I was born, raised and continue to live in the South (USA). So, whenever I go out to the store or a restaurant, it's a given that I'm going to be called "love", "doll", "honey", "sugar" and "darlin'" by complete strangers.
The thing is, that when I'm gifted with this easy, casual verbal affection, I no longer feel like we're strangers. A wall comes down, a personal connection is made, and the warmth that accompanies these terms of endearment sticks with me long afterwards.
I was reading this post by Garrison Keillor,
and I was reminded of how verbal friendliness can
have a profound effect its recipient :
A woman checking I.D.s at the airport saw me coming the other day and said, "Good morning, sunshine." She didn't know me from Adam. She glanced at my driver's license and said, "Have a good flight, darling." This was in the South, of course -- in Austin, Texas, to be exact. Northern women would no sooner address a strange man as "sunshine" than they would ask if you wanted to see their underwear. But that woman's "sunshine" shone on me for the rest of the day, and a week later I still remember it.
With natural, unpremeditated charm, that airline employee made Garrison smile and feel warm inside...for an entire week!
Experiencing a genuine smile-inducing interaction exposes all those lame customer service scripts that airlines, fast food restaurants and other businesses use as being as plastic and unauthentic as the painted on smile on Barbie's face.
Thinking about this, I stumbled across Kathy's post over at Creating Passionate Users. She writes:
Marketers and managers tell us to "delight" the customer. But they're usually talking about heroic gestures, "empowering the front line", and virtually always about how to use this "happy customers" focus as a competitive advantage. But sometimes it's the smallest of things that can make all the difference...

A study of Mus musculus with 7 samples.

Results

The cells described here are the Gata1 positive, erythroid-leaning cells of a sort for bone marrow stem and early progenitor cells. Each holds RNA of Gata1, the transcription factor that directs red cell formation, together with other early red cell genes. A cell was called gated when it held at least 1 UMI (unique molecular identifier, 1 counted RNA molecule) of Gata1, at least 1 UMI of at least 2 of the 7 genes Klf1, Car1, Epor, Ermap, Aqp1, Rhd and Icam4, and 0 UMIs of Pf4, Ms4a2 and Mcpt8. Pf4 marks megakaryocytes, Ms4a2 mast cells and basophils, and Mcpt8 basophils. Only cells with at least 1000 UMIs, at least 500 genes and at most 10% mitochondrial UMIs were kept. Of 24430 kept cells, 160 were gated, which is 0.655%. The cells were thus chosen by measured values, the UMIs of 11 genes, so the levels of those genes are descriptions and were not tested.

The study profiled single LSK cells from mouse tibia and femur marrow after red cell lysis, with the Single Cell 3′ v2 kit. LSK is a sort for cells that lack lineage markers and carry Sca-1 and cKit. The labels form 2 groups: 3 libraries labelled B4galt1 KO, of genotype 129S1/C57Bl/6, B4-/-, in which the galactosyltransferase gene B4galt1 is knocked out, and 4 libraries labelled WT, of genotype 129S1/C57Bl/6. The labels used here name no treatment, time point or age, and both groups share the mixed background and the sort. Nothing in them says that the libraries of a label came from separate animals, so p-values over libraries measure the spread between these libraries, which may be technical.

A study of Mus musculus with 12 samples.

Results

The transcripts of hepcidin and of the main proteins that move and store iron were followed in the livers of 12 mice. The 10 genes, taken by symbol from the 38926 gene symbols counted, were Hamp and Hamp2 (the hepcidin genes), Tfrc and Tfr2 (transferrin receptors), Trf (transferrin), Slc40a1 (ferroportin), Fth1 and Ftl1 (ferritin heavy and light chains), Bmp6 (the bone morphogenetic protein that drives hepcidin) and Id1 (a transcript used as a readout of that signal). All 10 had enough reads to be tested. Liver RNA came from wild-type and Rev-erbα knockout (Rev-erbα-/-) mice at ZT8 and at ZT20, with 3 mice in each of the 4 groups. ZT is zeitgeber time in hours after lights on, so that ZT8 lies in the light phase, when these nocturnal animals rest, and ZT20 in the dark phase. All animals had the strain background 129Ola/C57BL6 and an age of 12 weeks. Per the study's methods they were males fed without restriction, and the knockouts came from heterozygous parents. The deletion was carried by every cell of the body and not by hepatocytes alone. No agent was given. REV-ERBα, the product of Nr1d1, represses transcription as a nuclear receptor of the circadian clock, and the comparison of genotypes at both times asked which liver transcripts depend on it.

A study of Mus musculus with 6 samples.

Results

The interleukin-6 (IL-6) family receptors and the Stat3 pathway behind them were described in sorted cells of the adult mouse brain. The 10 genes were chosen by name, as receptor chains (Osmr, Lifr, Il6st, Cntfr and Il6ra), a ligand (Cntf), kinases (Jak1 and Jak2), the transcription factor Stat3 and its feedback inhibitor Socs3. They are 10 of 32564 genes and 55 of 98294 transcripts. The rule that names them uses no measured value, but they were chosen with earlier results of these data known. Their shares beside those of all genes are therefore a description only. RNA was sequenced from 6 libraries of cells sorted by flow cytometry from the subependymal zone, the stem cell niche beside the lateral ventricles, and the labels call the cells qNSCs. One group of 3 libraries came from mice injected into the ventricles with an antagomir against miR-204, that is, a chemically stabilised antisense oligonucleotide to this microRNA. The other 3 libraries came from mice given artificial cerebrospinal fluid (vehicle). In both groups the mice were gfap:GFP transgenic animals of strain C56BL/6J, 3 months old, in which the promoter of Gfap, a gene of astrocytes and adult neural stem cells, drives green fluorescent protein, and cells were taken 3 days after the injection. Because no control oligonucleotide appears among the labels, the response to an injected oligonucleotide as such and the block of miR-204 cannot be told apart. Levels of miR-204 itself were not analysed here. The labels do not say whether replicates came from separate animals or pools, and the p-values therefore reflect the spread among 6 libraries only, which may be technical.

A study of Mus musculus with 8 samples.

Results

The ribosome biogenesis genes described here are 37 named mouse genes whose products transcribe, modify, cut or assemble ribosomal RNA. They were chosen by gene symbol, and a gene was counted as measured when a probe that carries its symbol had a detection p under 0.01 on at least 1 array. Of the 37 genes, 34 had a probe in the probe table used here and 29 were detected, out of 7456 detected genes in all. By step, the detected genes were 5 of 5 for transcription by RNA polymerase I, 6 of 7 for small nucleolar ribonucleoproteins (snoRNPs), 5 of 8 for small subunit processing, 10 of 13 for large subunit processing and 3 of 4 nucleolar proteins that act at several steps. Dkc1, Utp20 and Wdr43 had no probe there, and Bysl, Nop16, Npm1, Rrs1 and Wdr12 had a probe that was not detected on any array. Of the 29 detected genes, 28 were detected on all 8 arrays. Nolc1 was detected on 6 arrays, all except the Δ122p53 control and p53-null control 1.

Too often we see formal institutionalized smile-strategies... like the Southwest airline flight attendants inserting jokes into their safety speech. But some of those attendants are simply repeating the script, and it shows. It's a lot more smile-inducing when the flight attendant just blurts something out spontaneously, in response to something in realtime. Or when they announce to the entire plane that there's a couple in coach celebrating their 50th wedding anniversary, having just returned from a romantic second honeymoon. Or when the pilot comes on and starts describing the joy of flying by telling you way too much about the physics of flight. THESE things make me smile, and for those of us who can't afford first-class, it comes just when we need it the most. And I want to know, "What causes these smile-inducing people to behave like this even though they don't need to?"
As a person who does daily customer service myself, I would back Kathy up and say that pulling off the un-institutionalized smile strategy requires not having a strategy at all. Humans have a sixth sense when it comes to spotting fake friendliness. Kathy's test:
As a person who does daily customer service myself, I would back Kathy up and say that pulling off the un-institutionalized smile strategy requires not having a strategy at all.
Humans have a sixth sense when it comes to spotting fake friendliness. Kathy's test:
Crinkly eyes = real smile. No crinkly eyes? Faker. (or too much botox)
Most of us are interacting with customers from a distance or indirectly, so how can we stun customers with our "virtual" crinkly-eyed smiles and inspire ourselves, co-workers and clients to do the same?
Basically I do just one thing to bring about this result--enjoy my work. I think if you genuinely feel good about yourself and enjoy your work that customers pick up on it and appreciate it. Holy cow--That's the easiest "HowTo" list I've ever written!:-)
But what about before they're our customers--how can we create unpremeditated, memorable experiences with potential clients and consumers?
From a marketing perspective, I guess it would go back to that "being remarkable" factor that Seth is always talking about and the "surprise marketing" that we talked about a few days ago. The unexpected, the memory-making, smile inducing, coming out of nowhere, taking a chance at being genuinely different kind of marketing.
I guess if we approach marketing as a dialogue rather than a sales pitch (if our sweet talking feels natural and personal rather than a scripted), a successful interaction would begin like the one Garrison had with the airline employee--by giving him an unexpected, refreshing experience, her "sunshine" shone on him all day, and a week later he still remembers her.